The 6 o'clock movie on Friday, September 19 will be co-sponsored by the Vickers Theatre in Three Oaks and the League of Women Voters of Berrien and Cass Counties. The movie is "There is Nothing Else" (Otra Cosa No Hay) and it will be followed by a Q & A with the director and producer Christiana Ochoa.

Movie Poster

Christiana Ochoa is an unlikely filmmaker: a Michigan girl, Harvard Law School graduate, New York corporate lawyer and currently a University of Indiana law school professor in the field of international law and human rights. Professor Ochoa also realizes a picture is worth a thousand words and the story she wants to tell is about gold mining in a water critical area of Colombia. For centuries local miners extracted gold sustainably, but now foreign, large scale mining companies have moved in. The delicate balance may be upset forever.

The usual Vickers prices will be charged, with half of the proceeds from the showing on September 19 going to Professor Ochoa for future films.

For more information on the League of Women Voters of Berrien and Cass Counties go to

Book Group Selection for October 2014

The book selected for the Ocotber 21 meeting is "On the Run: Fugitive Life in an American City" by Alice Goffman. This book will give another view of life in black America, similar to what we have learned recently about life in Ferguson, Missouri. Alice Goffman lived for 6 years in a neighborhood in central Philadelphia where she learned "the pernicious effects of pervasive policing".

The meeting will be held in Buchanan.

Consider coming to a book group meeting. Usually about 15 members gather in a member home for a lively discussion. The books are chosen by the group. Shown is part of the group from the July meeting held on the summer porch of Ana Vincenti's home in the Prairie Club in Harbert

"The League and Nonpartisanship" by Susan Gilbert

This article appeared in the December 2010 LWVBCC newsletter and has been circulated by LWVMI and the LWVUS leaders. Numerous local Leagues have asked for permission to reprint it in their newsletters.

It is not uncommon for outsiders, and even some members, to question how the League can be nonpartisan yet advocate on positions that, in the slice of time that is now, appear to be partisan. In the highly partisan climate that has developed in recent years, the League is one of the very few political organizations that is not in either the liberal/Democratic camp or the conservative/Republican camp. And we have members of all political persuasions and encourage them to get involved in politics. So members may be partisan but the organization is not. All this is hard for many to wrap their minds around.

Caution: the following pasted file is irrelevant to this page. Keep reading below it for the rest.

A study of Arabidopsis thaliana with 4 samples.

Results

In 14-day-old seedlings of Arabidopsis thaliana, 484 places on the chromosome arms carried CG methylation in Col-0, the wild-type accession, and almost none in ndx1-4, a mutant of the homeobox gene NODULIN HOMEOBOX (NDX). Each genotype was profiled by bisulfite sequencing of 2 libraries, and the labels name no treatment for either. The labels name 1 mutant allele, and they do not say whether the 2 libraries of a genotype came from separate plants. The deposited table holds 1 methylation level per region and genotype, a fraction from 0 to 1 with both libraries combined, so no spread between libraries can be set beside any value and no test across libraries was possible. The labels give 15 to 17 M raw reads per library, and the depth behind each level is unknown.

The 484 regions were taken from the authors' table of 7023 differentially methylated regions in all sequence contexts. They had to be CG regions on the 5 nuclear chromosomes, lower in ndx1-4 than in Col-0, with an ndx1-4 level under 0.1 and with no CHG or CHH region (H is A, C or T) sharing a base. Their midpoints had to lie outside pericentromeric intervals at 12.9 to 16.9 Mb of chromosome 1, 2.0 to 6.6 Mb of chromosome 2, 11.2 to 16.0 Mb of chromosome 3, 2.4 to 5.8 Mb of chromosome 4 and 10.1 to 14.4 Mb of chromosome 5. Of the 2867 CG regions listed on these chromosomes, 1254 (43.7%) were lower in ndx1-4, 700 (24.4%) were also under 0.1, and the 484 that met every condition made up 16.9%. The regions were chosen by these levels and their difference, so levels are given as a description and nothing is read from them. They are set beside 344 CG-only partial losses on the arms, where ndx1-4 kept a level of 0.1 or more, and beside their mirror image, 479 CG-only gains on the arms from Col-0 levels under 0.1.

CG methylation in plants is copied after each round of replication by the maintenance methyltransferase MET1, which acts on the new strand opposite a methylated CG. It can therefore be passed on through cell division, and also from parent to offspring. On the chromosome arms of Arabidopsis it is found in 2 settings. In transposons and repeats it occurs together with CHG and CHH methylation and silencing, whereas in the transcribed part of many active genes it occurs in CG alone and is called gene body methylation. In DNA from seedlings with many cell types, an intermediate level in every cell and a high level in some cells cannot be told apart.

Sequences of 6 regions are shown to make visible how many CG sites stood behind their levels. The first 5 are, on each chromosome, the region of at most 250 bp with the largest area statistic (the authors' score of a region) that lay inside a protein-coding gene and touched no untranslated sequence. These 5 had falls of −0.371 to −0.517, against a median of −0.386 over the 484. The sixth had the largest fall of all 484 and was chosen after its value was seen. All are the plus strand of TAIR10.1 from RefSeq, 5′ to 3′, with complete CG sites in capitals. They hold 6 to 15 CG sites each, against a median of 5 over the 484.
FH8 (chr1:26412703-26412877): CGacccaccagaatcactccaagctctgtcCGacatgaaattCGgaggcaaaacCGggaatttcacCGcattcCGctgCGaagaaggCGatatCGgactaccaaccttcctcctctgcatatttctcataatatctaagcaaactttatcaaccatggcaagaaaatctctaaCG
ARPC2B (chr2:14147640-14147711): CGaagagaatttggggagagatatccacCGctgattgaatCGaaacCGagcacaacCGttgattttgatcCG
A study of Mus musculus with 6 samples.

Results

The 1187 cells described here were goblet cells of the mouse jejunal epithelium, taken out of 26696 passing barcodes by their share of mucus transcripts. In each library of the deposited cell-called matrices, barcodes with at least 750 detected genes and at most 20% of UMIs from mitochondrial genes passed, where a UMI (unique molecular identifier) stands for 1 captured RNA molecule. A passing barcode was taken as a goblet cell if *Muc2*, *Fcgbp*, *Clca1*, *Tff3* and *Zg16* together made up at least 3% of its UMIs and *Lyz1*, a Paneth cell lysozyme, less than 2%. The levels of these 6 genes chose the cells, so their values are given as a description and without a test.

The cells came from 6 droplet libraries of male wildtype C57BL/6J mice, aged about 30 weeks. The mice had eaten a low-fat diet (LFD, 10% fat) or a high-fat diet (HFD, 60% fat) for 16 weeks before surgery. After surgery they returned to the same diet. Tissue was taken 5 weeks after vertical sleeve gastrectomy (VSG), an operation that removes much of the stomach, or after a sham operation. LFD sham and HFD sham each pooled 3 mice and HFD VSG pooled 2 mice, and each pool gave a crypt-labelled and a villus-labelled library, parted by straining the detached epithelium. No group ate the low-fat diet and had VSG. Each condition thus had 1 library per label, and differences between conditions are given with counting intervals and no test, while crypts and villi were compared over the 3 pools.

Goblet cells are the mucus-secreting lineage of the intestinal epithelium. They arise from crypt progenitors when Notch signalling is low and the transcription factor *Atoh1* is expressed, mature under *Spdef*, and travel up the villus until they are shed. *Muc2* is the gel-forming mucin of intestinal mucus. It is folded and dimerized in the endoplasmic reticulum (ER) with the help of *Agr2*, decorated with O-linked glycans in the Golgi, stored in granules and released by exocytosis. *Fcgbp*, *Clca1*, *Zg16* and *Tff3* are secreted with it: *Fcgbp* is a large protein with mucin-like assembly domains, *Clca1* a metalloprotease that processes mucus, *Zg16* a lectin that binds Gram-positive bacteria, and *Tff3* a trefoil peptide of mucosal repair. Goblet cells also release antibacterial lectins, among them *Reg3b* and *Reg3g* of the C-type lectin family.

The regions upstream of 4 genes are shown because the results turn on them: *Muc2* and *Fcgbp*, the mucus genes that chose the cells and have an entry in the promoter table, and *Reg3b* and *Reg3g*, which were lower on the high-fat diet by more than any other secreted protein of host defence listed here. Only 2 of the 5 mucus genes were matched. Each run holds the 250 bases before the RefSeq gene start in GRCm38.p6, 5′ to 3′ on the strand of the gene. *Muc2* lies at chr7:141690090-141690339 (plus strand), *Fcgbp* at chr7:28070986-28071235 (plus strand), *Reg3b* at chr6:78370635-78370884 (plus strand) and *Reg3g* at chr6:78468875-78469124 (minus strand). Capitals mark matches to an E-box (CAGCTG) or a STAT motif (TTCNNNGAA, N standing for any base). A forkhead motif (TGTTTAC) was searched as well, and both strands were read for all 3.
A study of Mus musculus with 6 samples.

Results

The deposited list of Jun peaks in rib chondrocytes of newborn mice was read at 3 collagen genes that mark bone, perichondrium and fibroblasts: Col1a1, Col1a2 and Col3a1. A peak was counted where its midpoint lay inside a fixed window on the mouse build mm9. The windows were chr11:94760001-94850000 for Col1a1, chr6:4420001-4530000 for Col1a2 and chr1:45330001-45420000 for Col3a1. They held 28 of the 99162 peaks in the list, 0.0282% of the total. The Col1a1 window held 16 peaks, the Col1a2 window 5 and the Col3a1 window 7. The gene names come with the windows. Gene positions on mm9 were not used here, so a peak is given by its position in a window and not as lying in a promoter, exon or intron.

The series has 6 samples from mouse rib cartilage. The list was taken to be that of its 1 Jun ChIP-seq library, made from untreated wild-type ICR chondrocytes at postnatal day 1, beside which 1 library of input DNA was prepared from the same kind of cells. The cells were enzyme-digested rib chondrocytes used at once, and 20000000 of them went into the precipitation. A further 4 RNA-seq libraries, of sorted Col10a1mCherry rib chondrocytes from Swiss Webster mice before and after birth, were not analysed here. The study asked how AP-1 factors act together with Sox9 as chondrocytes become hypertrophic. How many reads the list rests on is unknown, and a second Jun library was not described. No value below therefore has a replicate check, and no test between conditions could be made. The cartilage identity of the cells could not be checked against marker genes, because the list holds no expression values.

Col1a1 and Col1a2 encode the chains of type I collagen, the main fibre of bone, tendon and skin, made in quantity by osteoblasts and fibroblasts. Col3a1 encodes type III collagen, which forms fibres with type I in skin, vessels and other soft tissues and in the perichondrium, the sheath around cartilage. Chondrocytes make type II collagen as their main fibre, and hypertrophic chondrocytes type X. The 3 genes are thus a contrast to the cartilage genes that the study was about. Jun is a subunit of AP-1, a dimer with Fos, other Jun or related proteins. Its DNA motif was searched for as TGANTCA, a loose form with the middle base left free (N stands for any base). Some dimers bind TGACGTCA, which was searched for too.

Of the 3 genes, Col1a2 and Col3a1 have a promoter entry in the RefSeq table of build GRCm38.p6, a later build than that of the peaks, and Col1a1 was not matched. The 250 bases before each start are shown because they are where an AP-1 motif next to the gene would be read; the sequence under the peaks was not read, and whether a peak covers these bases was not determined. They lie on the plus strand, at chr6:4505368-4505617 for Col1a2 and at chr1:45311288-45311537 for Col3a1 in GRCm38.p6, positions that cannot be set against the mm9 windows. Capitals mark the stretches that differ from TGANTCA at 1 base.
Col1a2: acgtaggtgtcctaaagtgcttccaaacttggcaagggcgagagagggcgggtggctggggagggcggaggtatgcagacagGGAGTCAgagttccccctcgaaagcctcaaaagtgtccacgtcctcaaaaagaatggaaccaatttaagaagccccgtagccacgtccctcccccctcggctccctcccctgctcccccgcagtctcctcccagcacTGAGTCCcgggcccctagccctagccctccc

The League is nonpartisan in that we do not endorse or support any political party or candidate for office. We don't rate legislators, we don't track their votes and we don't threaten them if they don't vote our way. Voter service is one of our main missions and we publish nonpartisan voter guides and hold candidate forums to help voters educate themselves beyond TV ads. Education is an important League function, and we try in our meetings and in this newsletter to inform our attendees/readers and stimulate them to think about issues in our world.

However, the League is also an advocacy group, and we have positions on issues that have been developed over the years since our founding in 1920 and are the result of study and consensus of the local Leagues nationwide. These positions are updated from time to time, but are basically consistent. The positions and platforms of the political parties, on the other hand, do change and at times they resemble our League positions, or not. But the League doesn't change or drop it's positions because they are currently those of one party or the other. And we do speak out!

An example is health care. The League has a position on comprehensive health care for all Americans. President Truman liked that idea too and President Eisenhower delivered a special message to Congress on January 31, 1955 recommending a comprehensive health program for Americans. Lyndon Johnson got Medicare passed and that took the pressure off for awhile. But President Nixon encouraged HMOs as a way to rein in costs and provide health care for more people. Then President Reagan came along and decided the free market was the best way to manage health care and the Republicans have basically supported this idea since. But clearly both parties have been on both sides of the issue.

The key is not to confuse politics with position advocacy.